University of Oulu

Vladimirova A., Rautio P. (2018) Unplanning Research with a Curious Practice Methodology: Emergence of Childrenforest in the Context of Finland. In: Cutter-Mackenzie A., Malone K., Barratt Hacking E. (eds) Research Handbook on Childhoodnature. Springer International Handbooks of Education. Springer, Cham

Unplanning research with a curious practice methodology : emergence of childrenforest in the context of Finland

Organizations: 1University of Oulu, Oulu, Finland
2Faculty of Education, University of Oulu, Oulu, Finland
Format: article
Version: accepted version
Access: embargoed
Persistent link: http://urn.fi/urn:nbn:fi-fe2019062021560
Language: English
Published: Springer Nature, 2018
Publish Date: 2020-04-19
Description:

Abstract

This chapter explores the notion of curious practice and the methodology of its application in the context of primary school education in Finland. The concept of curious practice encourages us — researchers and educators — to ask “How does curious practice help us to address children’s relations to forests beyond the child (in) nature dualism?” Curious practice challenges the existing environmental education methodologies employed in recent years that draw heavily on research planning, the child’s representation of nature, and the results of a completed study. Despret’s (Domesticating practices: The case of Arabian Babblers. In G. Marvin and S. McHugh (Eds.), Routledge handbook of human–animal studies (pp. 23–38). New York: Routledge, 2014) approach of curious practice encourages researchers to unplan and make themselves available to the yet unknown, for every single encounter with the other is a mixture of unpredictability, the researcher’s attentiveness, and imagination. The rationale behind curious practice is in learning more about what is seen and heard via questioning the encounters that accept various absences of a preconceived framework of research. As a necessary complement to such a methodology, the chapter also presents a semiotic approach, employed by Eduardo Kohn (How forests think: Toward an anthropology beyond the human. Berkeley: University of California Press, 2013), to inform the method of studying the logic of the world beyond human symbolism. The data used reveal an interdependency of children and forests that will be referred to as childrenforest in that it continuously generates a network of signs which adults and children themselves often are unable to access or represent. These present absences found in curious practice are crucial for our understanding of what we have overlooked while claiming that the other is known. With that, however, childrenforest cannot be fully grasped. Andrew Pickering’s (Natures Sciences Sociétés, 1(21), 77–83, 2013) notion of islands of stability is utilized to elaborate the ways that childrenforests signal the presence of the seemingly stable configurations of their dynamic becoming. The chapter concludes with a short discussion of the potential areas of curious practice application beyond the ethological and childhood research.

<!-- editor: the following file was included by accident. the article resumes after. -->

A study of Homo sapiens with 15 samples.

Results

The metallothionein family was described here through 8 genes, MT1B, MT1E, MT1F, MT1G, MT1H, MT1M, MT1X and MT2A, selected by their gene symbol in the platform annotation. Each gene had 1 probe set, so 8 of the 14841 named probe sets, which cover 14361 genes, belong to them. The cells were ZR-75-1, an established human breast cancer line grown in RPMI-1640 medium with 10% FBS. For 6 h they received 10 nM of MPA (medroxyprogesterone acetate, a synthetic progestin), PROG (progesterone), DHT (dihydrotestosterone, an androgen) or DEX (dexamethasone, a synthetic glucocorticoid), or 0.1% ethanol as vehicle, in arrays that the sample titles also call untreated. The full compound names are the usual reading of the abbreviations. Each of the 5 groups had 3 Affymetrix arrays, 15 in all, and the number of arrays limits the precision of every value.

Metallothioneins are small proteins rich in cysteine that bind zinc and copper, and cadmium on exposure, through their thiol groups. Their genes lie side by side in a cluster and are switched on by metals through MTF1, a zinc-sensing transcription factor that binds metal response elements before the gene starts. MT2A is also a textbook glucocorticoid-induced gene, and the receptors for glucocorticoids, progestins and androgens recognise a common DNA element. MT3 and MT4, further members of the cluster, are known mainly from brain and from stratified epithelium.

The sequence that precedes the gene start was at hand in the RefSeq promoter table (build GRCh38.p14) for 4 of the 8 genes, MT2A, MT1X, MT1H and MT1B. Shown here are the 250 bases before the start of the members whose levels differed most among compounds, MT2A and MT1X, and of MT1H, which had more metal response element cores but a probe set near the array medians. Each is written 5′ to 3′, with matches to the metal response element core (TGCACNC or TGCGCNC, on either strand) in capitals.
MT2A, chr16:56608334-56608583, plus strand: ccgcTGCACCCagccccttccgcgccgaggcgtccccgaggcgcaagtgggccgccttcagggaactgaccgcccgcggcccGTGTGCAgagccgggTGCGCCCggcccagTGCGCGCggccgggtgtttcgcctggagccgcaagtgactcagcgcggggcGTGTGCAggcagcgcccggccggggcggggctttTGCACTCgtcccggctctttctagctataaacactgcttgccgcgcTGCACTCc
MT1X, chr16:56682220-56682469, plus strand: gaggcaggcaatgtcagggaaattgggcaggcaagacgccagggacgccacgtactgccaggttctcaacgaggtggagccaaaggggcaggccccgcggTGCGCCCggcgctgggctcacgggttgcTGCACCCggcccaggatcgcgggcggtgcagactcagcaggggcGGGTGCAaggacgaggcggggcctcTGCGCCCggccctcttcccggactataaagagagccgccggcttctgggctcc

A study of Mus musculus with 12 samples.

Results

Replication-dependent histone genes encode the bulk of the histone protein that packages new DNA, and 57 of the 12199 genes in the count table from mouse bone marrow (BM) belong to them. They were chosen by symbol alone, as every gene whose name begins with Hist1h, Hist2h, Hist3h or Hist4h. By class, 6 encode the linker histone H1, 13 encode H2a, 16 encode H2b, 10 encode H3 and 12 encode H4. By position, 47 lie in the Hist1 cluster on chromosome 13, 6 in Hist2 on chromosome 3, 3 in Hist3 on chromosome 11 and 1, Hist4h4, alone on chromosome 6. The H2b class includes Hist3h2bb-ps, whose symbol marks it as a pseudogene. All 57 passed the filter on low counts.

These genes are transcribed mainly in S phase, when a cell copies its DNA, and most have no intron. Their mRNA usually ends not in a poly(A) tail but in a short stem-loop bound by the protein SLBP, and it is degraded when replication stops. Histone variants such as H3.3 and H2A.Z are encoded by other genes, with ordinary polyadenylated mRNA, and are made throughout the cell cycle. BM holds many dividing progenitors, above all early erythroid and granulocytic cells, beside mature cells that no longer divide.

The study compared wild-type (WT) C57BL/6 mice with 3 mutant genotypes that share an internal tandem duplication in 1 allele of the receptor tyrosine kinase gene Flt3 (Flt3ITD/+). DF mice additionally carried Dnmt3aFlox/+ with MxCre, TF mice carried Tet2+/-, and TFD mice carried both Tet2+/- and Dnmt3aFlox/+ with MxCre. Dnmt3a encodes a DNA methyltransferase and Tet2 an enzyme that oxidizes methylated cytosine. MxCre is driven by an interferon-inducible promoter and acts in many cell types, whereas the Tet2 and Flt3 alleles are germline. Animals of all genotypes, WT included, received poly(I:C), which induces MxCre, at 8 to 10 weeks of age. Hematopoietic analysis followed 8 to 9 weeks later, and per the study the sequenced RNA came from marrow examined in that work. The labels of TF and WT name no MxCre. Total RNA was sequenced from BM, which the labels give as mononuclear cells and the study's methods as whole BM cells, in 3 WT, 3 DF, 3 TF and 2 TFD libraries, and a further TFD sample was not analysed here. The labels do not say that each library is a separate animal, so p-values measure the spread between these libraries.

ISSN: 2197-1951
ISSN-E: 2197-196X
ISSN-L: 2197-1951
ISBN: 978-3-319-51949-4
ISBN Print: 978-3-319-67286-1
Volume: In press
DOI: 10.1007/978-3-319-51949-4_25-1
OADOI: https://oadoi.org/10.1007/978-3-319-51949-4_25-1
Host publication: Research Handbook on Childhoodnature : Assemblages of Childhood and Nature Research
Host publication editor: Cutter-Mackenzie, Amy
Malone, Karen
Barratt Hacking, Elisabeth
Type of Publication: A3 Book chapter
Field of Science: 516 Educational sciences
Subjects:
Copyright information: © Springer International Publishing AG, part of Springer Nature 2018. This is a post-peer-review, pre-copyedit version of an article published in Research Handbook on Childhoodnature. Springer International Handbooks of Education. The final authenticated version is available online at: https://doi.org/10.1007/978-3-319-51949-4_25-1.